New Orleans Eyes Microgrid Development as Part of Smart Cities Strategy

Feb. 1, 2018
The City of New Orleans is eyeing a plan to develop microgrids as part of a larger smart cities strategy proposed this week.

The City of New Orleans, a U.S. poster child for the destructive power of hurricanes, is eyeing a plan to develop microgrids as part of a larger smart cities strategy proposed this week.

The city council’s utility committee voted Wednesday to require that Entergy New Orleans develop a grid modernization plan that would include microgrids, distributed energy, electric vehicle charging stations and energy efficiency efforts.

The committee wants the energy improvements to be integrated into a larger smart city strategy that includes transportation and communications improvements.

“New Orleans stands at the edge of a technology frontier and how we respond will either make us a true 21st-century city or leave us in the wake of this advanced technology as a backwater laggard,” said Jason Williams, committee chair and city council president.

As an immediate short-term goal, the committee called for greater penetration of  solar, storage and other distributed generation on the utility distribution grid. The plan also calls for identifying and approving select microgrids for development within New Orleans.

In a unanimous vote, the committee passed a resolution to open a utility docket (UD-18-01) and provide a mechanism requiring Entergy to offer the grid modernization plan. Stakeholders and the public will be invited to comment. The city council is expected to vote on the resolution February 8, which then requires that Entergy produce a grid modernization report within 60 days.

Former U.S. Energy Secretary Ernest Moniz was part of a panel that provided input on the plan prior to the vote. Others on the panel were Melanie Kenderdine, a senior fellow at the Atlantic Council, a Washington think tank, and Paula Gold-Williams, president and CEO of CPS Energy, the municipally owned San Antonio electric utility, which has also adopted a smart cities strategy.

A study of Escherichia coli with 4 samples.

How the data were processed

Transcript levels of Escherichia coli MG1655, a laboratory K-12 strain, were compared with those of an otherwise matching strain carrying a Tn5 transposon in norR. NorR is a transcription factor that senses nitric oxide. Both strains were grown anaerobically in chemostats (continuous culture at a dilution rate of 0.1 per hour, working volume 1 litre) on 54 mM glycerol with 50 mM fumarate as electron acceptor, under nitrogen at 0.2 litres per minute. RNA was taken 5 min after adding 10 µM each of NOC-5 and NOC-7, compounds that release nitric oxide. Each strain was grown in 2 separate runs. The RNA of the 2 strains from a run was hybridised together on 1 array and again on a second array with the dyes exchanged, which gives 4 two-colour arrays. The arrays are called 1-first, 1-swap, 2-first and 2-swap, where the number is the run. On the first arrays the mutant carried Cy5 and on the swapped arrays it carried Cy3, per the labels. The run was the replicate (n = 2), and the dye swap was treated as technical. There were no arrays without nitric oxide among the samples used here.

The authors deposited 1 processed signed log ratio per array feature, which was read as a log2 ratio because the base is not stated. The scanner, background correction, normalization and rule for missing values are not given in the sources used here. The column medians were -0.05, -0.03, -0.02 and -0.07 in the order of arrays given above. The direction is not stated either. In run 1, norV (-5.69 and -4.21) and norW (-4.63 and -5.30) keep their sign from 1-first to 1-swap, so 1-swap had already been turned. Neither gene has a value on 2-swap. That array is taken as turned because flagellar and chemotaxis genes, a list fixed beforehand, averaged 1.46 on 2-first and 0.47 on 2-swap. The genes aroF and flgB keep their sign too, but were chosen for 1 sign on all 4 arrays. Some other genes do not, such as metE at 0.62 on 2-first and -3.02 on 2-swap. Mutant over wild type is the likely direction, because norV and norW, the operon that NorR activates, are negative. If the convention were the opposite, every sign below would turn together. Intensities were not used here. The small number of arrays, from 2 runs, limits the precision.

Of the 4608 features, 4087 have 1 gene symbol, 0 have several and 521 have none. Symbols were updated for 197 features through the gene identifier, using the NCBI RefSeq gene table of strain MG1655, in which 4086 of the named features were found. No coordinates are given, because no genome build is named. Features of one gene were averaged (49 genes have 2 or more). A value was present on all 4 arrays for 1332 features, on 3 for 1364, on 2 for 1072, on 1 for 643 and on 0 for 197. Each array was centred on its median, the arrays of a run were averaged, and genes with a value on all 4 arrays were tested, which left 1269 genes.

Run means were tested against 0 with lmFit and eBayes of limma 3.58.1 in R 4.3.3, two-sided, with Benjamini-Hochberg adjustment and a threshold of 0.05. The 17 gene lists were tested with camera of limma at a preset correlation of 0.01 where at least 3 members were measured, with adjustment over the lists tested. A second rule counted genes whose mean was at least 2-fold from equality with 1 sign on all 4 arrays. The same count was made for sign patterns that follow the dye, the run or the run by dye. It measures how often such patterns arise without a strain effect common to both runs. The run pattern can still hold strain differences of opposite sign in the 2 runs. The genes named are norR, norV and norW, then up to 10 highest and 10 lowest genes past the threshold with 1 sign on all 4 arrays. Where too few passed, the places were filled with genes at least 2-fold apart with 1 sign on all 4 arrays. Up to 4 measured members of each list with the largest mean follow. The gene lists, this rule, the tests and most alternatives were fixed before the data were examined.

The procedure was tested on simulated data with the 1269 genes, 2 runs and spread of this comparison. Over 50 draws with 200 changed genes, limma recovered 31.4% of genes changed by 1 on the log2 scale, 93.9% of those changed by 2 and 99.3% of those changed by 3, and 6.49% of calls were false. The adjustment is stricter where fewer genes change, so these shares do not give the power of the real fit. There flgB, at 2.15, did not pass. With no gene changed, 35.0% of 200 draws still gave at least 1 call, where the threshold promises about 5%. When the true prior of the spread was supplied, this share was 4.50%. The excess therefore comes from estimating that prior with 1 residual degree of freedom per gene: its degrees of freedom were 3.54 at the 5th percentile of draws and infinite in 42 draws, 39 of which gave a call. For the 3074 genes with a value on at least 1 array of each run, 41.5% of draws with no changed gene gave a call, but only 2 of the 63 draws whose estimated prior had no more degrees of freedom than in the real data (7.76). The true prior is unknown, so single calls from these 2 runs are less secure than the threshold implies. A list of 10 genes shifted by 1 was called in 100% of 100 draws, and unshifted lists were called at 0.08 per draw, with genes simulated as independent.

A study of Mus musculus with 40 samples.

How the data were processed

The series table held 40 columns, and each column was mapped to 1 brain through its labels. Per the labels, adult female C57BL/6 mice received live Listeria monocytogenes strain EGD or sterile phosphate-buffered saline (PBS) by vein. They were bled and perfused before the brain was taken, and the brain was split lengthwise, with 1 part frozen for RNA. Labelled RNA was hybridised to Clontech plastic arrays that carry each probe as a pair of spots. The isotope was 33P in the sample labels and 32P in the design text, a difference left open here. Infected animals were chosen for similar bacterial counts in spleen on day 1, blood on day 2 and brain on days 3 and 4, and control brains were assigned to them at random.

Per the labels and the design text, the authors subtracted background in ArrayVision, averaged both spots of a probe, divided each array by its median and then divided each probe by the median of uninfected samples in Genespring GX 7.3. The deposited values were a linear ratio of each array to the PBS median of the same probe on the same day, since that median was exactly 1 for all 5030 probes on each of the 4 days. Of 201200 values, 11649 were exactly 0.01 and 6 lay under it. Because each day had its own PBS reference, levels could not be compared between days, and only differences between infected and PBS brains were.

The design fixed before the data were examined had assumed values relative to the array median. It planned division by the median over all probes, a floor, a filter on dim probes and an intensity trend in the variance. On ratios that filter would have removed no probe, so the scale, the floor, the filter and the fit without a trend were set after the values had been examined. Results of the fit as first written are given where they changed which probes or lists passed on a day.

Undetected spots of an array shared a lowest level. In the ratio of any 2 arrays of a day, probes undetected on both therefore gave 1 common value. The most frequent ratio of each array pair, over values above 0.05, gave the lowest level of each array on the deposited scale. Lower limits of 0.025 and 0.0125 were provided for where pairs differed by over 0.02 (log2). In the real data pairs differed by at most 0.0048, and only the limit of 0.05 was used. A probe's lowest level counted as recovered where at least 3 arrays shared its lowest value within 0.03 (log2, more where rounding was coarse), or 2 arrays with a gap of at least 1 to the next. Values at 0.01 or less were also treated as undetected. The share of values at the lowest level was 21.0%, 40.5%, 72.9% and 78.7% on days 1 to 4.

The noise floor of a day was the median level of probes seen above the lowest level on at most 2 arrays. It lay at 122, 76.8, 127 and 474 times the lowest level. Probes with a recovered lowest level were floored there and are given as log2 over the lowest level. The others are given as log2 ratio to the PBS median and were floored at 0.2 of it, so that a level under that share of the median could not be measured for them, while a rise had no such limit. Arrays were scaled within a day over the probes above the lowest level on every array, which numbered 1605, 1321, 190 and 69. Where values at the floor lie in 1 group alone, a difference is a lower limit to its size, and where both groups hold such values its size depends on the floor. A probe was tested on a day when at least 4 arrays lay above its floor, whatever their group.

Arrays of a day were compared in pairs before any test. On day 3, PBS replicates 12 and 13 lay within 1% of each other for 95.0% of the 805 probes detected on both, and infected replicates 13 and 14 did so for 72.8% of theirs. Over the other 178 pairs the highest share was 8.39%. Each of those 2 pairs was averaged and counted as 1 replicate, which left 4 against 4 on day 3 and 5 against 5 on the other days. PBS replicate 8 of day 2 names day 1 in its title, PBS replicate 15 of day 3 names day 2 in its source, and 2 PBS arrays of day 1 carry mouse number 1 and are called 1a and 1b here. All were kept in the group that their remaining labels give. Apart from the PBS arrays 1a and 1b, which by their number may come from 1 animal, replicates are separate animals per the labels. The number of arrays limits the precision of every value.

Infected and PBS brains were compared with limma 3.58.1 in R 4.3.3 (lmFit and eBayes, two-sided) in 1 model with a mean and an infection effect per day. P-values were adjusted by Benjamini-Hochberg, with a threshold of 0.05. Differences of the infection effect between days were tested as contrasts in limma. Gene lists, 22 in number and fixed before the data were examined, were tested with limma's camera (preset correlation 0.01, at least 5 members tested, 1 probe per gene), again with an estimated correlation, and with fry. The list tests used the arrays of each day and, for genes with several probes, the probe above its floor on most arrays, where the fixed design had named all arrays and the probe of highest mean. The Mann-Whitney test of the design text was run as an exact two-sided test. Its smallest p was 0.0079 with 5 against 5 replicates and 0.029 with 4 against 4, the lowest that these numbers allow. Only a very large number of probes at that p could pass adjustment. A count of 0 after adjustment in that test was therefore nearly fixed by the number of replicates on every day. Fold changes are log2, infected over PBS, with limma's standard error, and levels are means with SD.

New Orleans is considered highly vulnerable to hurricanes and suffered massive power outages and flooding in 2005 from Hurricane Katrina.

Learn about plans by cities to develop microgrids at Microgrid 2018, May 7-9, in Chicago.

About the Author

Elisa Wood | Editor-in-Chief

Elisa Wood is an award-winning writer and editor who specializes in the energy industry. She is chief editor and co-founder of Microgrid Knowledge and serves as co-host of the publication’s popular conference series. She also co-founded RealEnergyWriters.com, where she continues to lead a team of energy writers who produce content for energy companies and advocacy organizations.

She has been writing about energy for more than two decades and is published widely. Her work can be found in prominent energy business journals as well as mainstream publications. She has been quoted by NPR, the Wall Street Journal and other notable media outlets.

“For an especially readable voice in the industry, the most consistent interpreter across these years has been the energy journalist Elisa Wood, whose Microgrid Knowledge (and conference) has aggregated more stories better than any other feed of its time,” wrote Malcolm McCullough, in the book, Downtime on the Microgrid, published by MIT Press in 2020.